ASB implements new club policies for virtual learning

September 10, 2020 — by Ethan Lin and Allen Luo
Photo by Bora Alaybeyi

Members of the Quiz Bowl club attend their first meeting of the year on Wednesday, 8/20.

With the semester starting virtually, some school-wide activities like sports and musical performances have been postponed until conditions get better. Extracurriculars like clubs, however, have jumped into the new online environment. 

Because of this, ASB has implemented new rules for clubs. Club meetings will still happen during school lunches, but are now required to meet virtually, with exceptions being accepted on a case-by-case basis. 

“If clubs do not believe they can meet virtually or function during this time, they should let ASB and their adviser know,” said ASB club commissioner Arnav Mangal. “The club status will be put on hold until in-person learning returns.”

A few days before every month, club presidents put links, passwords and meeting times for Zoom meetings on the monthly club meeting calendar, which is accessible to students on both Facebook and Canvas. This information is sent to ASB every month, along with the meeting minutes, which are shared with editing access with the club’s adviser. 

While clubs are still required to have teacher advisers, their attendance is only recommended in meetings. Although it is virtual, club officers still must enforce school behavior policies at meetings and either remove or report students who act inappropriately during meetings. 

Club presidents are required to record meetings for this purpose, with the administration contacting them if they need to refer back to the video. Additionally, the ASB or administration will randomly attend different meetings every lunch to make sure they are proceeding smoothly. 

Additionally, the traditional Club Day activities have instead been condensed into two slide show presentations — with clubs categorized under either academic or cultural/service clubs. Academic club presentations will be on Sept. 14, while cultural/service clubs will have it on Sept. 15.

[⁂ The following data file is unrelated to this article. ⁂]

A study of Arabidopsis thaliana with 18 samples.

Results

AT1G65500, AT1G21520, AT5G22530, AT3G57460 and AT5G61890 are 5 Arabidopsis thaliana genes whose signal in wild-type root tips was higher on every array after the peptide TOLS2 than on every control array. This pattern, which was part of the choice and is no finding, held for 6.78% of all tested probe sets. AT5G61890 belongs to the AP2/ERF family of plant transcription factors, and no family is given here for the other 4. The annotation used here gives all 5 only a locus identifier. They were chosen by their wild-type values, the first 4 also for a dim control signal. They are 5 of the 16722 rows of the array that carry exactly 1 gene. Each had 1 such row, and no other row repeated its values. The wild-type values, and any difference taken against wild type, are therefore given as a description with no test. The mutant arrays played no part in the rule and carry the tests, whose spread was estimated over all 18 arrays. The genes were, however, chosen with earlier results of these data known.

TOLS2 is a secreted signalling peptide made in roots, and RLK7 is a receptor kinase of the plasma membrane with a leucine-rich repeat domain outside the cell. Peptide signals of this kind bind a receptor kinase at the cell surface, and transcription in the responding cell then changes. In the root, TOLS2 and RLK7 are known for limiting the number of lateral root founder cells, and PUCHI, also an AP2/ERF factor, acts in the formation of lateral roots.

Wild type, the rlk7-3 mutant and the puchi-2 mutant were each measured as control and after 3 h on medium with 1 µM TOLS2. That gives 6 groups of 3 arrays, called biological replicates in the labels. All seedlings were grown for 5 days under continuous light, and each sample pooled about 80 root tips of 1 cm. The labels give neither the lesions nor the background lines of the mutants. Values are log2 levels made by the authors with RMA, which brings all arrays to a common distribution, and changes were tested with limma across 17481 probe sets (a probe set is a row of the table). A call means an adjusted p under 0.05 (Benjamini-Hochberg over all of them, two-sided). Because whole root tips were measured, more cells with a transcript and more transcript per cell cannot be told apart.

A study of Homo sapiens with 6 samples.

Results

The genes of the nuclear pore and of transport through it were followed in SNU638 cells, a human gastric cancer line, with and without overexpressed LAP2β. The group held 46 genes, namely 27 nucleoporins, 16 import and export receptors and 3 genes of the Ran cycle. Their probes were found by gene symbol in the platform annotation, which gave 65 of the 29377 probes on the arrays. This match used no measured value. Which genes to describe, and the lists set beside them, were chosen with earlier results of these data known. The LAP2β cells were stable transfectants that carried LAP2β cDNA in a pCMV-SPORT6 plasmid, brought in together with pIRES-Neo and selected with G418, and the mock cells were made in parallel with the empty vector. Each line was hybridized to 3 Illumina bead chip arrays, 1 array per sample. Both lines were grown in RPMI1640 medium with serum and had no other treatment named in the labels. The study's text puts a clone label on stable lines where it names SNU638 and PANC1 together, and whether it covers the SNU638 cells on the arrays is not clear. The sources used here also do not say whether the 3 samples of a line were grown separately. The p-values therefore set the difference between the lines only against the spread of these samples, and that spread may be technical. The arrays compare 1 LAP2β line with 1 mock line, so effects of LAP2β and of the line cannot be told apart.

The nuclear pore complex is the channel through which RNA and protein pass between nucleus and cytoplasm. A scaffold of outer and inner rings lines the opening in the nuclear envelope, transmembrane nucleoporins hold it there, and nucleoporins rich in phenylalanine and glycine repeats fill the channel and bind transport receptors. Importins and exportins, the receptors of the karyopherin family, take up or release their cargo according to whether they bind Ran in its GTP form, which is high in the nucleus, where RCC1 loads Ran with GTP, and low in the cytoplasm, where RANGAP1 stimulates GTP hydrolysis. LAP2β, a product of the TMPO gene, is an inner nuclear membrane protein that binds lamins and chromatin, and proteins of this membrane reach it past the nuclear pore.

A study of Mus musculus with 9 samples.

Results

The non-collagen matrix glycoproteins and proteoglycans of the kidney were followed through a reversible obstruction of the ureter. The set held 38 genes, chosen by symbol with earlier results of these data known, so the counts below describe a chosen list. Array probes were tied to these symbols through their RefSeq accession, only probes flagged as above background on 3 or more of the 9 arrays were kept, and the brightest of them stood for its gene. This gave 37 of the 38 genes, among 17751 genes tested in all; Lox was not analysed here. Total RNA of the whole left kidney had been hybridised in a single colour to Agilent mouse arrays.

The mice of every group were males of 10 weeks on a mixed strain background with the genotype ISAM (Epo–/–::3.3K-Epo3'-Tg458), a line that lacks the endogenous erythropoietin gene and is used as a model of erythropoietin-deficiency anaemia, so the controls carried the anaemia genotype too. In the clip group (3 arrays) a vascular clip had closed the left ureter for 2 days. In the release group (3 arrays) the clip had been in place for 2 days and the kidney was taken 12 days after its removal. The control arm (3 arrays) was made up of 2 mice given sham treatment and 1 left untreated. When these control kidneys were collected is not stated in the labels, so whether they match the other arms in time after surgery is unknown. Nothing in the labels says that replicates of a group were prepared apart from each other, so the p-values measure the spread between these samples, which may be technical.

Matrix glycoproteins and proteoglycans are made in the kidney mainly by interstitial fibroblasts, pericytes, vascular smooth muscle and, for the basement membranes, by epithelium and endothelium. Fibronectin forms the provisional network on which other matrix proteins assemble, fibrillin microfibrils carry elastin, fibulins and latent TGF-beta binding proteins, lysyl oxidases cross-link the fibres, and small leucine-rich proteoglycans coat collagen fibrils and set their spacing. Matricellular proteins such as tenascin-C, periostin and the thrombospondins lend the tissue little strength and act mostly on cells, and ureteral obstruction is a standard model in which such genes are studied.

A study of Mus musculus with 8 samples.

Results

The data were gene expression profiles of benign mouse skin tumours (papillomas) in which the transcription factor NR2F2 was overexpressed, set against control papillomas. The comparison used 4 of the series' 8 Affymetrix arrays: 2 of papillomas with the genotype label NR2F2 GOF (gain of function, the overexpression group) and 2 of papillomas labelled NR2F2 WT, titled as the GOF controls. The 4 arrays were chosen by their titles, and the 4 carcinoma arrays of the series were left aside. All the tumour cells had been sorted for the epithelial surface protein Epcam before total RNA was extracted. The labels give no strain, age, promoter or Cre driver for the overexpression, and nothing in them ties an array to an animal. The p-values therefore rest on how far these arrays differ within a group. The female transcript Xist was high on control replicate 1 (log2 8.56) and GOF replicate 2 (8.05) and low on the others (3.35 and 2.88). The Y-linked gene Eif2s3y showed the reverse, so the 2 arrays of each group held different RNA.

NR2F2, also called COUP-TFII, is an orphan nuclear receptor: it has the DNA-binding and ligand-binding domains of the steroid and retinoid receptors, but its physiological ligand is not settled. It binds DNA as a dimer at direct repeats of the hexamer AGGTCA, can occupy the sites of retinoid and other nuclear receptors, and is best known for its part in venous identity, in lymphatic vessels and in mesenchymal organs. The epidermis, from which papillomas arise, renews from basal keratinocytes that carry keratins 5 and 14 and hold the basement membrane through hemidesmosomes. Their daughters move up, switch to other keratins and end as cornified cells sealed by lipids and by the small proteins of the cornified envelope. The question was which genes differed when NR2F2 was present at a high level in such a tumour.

Clubs will each get one slide to display important information and attract students. A Google form link for interested students as well as a private Facebook group link is recommended to be put on the slides, and club presidents are allowed to design their page however they like — with pictures and appropriate videos, if needed.

Many clubs are split on these new changes. For some, it has been helpful in accomplishing their goals. 

“The new virtual system allows for a lot more flexibility in terms of hosting larger and more accessible events,” said senior Henry Weng, president of the Economics Club. “For example, with our speaker series, we're able to invite professors and industry leaders from all across the country rather than those local to the school.” 

For more hands-on clubs, however, the new virtual environment has made it difficult to do certain activities that would have been otherwise easy in a normal school setting. 

“This new virtual system makes it much harder to engage and interact during meetings, especially in a super project-based club like the Green Team,” senior Green Team club president Riya Jain said. “It can be difficult to coordinate and work on our goals.”

The ASB has also seen a large influx of new club applications this year with students having more time to pursue their interests. As a result, they have limited the number of approved clubs through stricter club interviews in order to ensure that clubs do not overlap in topics, Mangal said. There are a total of 59 clubs as of Sept. 9, with more being added as clubs are approved. 

For some clubs like Toga Medical Club, starting a new club during COVID perhaps has been a blessing in disguise. 

“All of our curriculum was created to suit COVID from the start,” sophomore club founder Mahati Kotamraju said. “It is far easier to obtain doctors for our Q&A sessions and lectures through Zoom.”  

Although this new change has set many clubs back, many are still hopeful for what the new school year could bring.

“During this experience, I really hope clubs can devise ways to virtually interact with the student body throughout the year, rather than just informational slideshows that feel like another class,” Mangal said. “Because when you really boil down the purpose of clubs at Toga, their collective purpose is to create connections between the student body on different cultural, academic and service interests.”